Wednesday afternoon as I was driving back to Chicago from Indianapolis news broke that it had happened again: another school shooting. Multiple people dead, multiple people wounded, several in critical condition. The reporters described the scene as "chaotic" while law enforcement officers attempted to aid the wounded and remove survivors to safety. At the end of the on scene update, the news anchor noted, "…and President Trump tweeted his condolences."
I have been interim president at McCormick for less than eight months. In that time, I have shared my thoughts with you on the racist violence and killing in Charlottesville, and the mass killings in Las Vegas and Sutherland Springs.
And now, here we are again. This time it is Parkland, Florida. Marjory Stoneman Douglas High School. We now know that 17 students, staff, and faculty were killed. As of Saturday, it appears that all those wounded will survive.
Prior to Wednesday, Parkland and Marjory Stoneman Douglas High School might have been known to some of you as the hometown and alma mater of Chicago Cubs first baseman, Anthony Rizzo. Anthony is both an All-Star baseball player and first-class human being. He is a cancer survivor who dedicates himself to kids with cancer here in Chicago, in his hometown of Parkland, and across the country. He, too, sent a tweet as the news broke. He, too, offered prayers for his high school, but he did something our president sadly, and predictably, did not: he called us to act. He called us to change, and he called us to love. Later, he left spring training in Arizona and boarded a plane to Florida so that he could offer whatever comfort he could to his community. He spoke at a candlelight vigil Thursday night in Parkland that was attended by an estimated 8,000 friends and neighbors. Here is a link to Anthony's brief, but emotional, remarks.
Anthony Rizzo reminds us that words are not enough. And, while he acknowledges that he may not have answers to the questions we are all asking, he urges us to act.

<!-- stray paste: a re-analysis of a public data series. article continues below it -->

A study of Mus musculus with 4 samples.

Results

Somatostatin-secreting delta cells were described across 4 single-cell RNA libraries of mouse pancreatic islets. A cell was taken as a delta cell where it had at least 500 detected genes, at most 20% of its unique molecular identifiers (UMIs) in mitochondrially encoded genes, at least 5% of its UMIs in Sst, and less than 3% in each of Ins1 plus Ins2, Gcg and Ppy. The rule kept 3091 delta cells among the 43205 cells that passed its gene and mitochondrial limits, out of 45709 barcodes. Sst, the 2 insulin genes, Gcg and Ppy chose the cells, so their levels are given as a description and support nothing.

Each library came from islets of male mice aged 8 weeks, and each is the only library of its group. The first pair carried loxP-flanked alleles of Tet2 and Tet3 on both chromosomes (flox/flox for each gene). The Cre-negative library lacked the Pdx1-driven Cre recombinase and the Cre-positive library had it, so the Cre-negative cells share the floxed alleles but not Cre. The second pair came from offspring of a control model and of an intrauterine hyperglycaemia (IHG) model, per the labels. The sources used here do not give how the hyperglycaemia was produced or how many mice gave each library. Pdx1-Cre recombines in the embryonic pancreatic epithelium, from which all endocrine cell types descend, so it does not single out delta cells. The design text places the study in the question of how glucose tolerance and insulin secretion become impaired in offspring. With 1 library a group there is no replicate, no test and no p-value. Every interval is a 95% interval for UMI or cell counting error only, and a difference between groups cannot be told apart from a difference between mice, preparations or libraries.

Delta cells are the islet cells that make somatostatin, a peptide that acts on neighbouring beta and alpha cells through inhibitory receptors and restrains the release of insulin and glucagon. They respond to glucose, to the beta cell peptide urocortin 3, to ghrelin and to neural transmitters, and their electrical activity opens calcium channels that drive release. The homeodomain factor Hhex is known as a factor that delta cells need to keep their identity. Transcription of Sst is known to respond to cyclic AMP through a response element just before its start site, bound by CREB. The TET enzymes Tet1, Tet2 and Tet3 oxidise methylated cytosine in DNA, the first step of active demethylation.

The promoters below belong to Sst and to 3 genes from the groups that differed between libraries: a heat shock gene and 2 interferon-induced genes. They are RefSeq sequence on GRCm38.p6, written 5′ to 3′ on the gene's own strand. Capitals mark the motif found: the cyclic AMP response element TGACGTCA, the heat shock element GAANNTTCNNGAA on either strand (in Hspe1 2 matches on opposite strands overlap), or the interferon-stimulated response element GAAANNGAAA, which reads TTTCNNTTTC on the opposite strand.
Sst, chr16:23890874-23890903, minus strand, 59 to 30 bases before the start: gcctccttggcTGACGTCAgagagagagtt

If Anthony's words are not enough, I ask that you watch the following video of Jaime Guttenberg's dad, Fred, who also spoke at the vigil. Fourteen-year old Jaime was one of the students killed on Wednesday. I urge you to watch the video several times, to hear his pain, to hear his anguish, and to hear his love.
Like Anthony Rizzo and Fred Guttenberg, I don't know that I have any answers that we, as a country, have thus far failed to find. This I do know: change is possible. It will be hard, it will take time, perhaps a long time, and it will take the hearts, hands, and minds of many. Who among us is truly prepared to undertake that effort?
Will we do like Anthony Rizzo, Fred Guttenberg, the countless families of victims of gun violence and commit to the effort, or will we surrender ourselves once again to empty tweets, rhetorical resistance, and those who say this is not the time or place?
It does not appear that the students who survived the attack at their school are prepared to surrender. Since Thursday night's vigil, students have organized and are raising their voices to end this violence and to ban assault weapons. How might we join them?
As we consider next steps, there are immediate concerns that we can address. For now, here is a link to UNICEF USA that offers several ways we can support the Parkland community and move beyond prayers.
May God hold close those lives cut short, may God give peace and comfort to all who mourn their loss, and may God give us the courage and persistence to bring change. Amen.